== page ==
The Hebrew language developed in a nomadic agricultural culture. Because of this much of the language is centered around this lifestyle. The more we understand their way of life and culture, the more we can understand their language. This benefits us, as Bible students, because we can better understand the author's message if we better understand his language.
In our culture, concepts, words and ideas are taught by using other concepts, words and ideas. Often this is a very difficult task to accomplish. Since the Hebrew language is a task oriented language, teaching these concepts, words and ideas are much easier.
The subject we are going to cover here, is a prime example. If you wanted to teach your children what it means to believe, how would you do it? If you think about it, it is very difficult thing to do.
In Genesis 4:20 we read about the first Nomad Jabal, a descendent of Adam through Cain.
"And Adah bare Jabal: he was the father of such as dwell in tents, and of such as have cattle."
We know that Jabal and his descendents were nomads from the simple fact they lived in tents and raised livestock. A tent (ohel in Hebrew) is a portable shelter for the purpose of moving from one grazing place to another. The Hebrew word used in the above for cattle is miqneh which actually means any livestock property. This could be cattle, sheep, goats, donkeys, etc. When the livestock consumed the edible vegetation in one area, the herder would then pack up his tent and his belongings and move on to better grazing land.
Probably the most famous nomad is Abraham. He traveled a great deal through the land of the Near East living in tents and raising livestock.
The tent is a very important part of the nomads life. By looking at the many words derived from this shelter we have tangible, hands on tools with which to teach our children the basic concepts in the Bible. In this study we will be looking at a tent stake. For those who have camped before, you are probably familiar with these stakes. What is the most important factor when placing your tent stakes? The ground. If you drive it in soft ground, any tension on the rope will pull the stake right out. You need very firm ground to hold the stake in. The ideal ground would require a hammer to beat the stake in. In ground like this the stake will remain secure in its position even in a strong wind. Let us now look at a passage of Scripture that uses this "concept".
Isaiah 22:23 "I will drive him like a peg into a firm place, he will be a seat of honor for the house of his father."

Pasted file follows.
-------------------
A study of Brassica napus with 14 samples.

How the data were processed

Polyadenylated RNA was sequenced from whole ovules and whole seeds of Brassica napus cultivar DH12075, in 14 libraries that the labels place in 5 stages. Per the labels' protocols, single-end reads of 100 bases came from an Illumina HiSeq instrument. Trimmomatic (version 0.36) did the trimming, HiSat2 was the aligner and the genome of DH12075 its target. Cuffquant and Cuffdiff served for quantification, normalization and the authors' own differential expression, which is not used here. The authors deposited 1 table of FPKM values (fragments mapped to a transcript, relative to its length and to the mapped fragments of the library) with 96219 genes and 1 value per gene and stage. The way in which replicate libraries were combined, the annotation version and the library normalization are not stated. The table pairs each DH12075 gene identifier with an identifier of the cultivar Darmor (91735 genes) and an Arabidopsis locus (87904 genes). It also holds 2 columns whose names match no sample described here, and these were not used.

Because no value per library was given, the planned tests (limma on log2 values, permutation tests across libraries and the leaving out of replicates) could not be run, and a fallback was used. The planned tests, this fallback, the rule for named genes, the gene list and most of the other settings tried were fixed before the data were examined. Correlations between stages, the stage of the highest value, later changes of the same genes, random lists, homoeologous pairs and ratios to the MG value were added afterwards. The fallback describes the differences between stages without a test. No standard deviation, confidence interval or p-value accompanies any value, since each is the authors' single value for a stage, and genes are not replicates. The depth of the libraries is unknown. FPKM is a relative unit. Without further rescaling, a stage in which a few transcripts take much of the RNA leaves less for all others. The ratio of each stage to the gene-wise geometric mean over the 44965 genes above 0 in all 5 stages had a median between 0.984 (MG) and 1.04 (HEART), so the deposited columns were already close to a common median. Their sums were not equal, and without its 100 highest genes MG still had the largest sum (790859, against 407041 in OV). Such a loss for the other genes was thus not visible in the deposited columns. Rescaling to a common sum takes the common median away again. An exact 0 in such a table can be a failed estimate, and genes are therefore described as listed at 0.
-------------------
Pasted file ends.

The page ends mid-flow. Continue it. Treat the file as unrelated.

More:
Here we have the stake (peg) being driven into a "firm" place. The Hebrew word translated as "firm" here is the verb אמן (aman, Strong's #539) which literally means "to be firm or sure". When setting up our tent, we desire to find a spot where the ground will be firm.
The verb aman is used 110 times in the Old Testament. Let us now look at another passage using this same verb and see what it says.
"Abram believed the LORD, and he credited it to him as righteousness"
The word "believed" is the very same Hebrew verb aman. The picture we have from this is that Abram was firm in his devotion to God. Just as a stake planted in firm ground supports the tent, even in a storm, Abram will support God, even in the storms of life. The question we now ask is, how did Abram remain firm? The verse just before states;
Genesis 15:5,6 '[God] took [Abram] outside and said, "Look up at the heavens and count the stars--if indeed you can count them." Then he said to him, "So shall your offspring be." Abram believed the LORD, and He credited it to him as righteousness.'
We usually read this to mean that Abram believed God's promise in verse 5. The problem with this is that the Hebrew verb aman means more than just knowing something to be true. Why did God give this promise to Abram?
Genesis 26:4,5 "I will make your descendants as numerous as the stars in the sky and I will give them all these lands, and through your offspring all nations on earth will be blessed, because Abraham obeyed me and kept my requirements, my commands, my decrees and my laws (Torah in Hebrew)".
God made this promise to Abram because he was firm in his obedience to God. The Hebrew in Genesis 15:6 does not say Abram "believed" God, it says he was "firm" in God. From Genesis 26:5 we see that he was firm in his obedience to God and his Torah.
Jeff & Denise Benner
Ancient Hebrew Research Center
Shalom ( / שלום): A Hebrew word that is usually translated as "peace," but more literally means "to be whole and complete." It is derived from a root meaning to "be whole." The next time you say the word shalom to another, remember, you are not just asking that there not be any strife in that person's life, you are asking that they have everything that they need to be whole and complete. Shalom!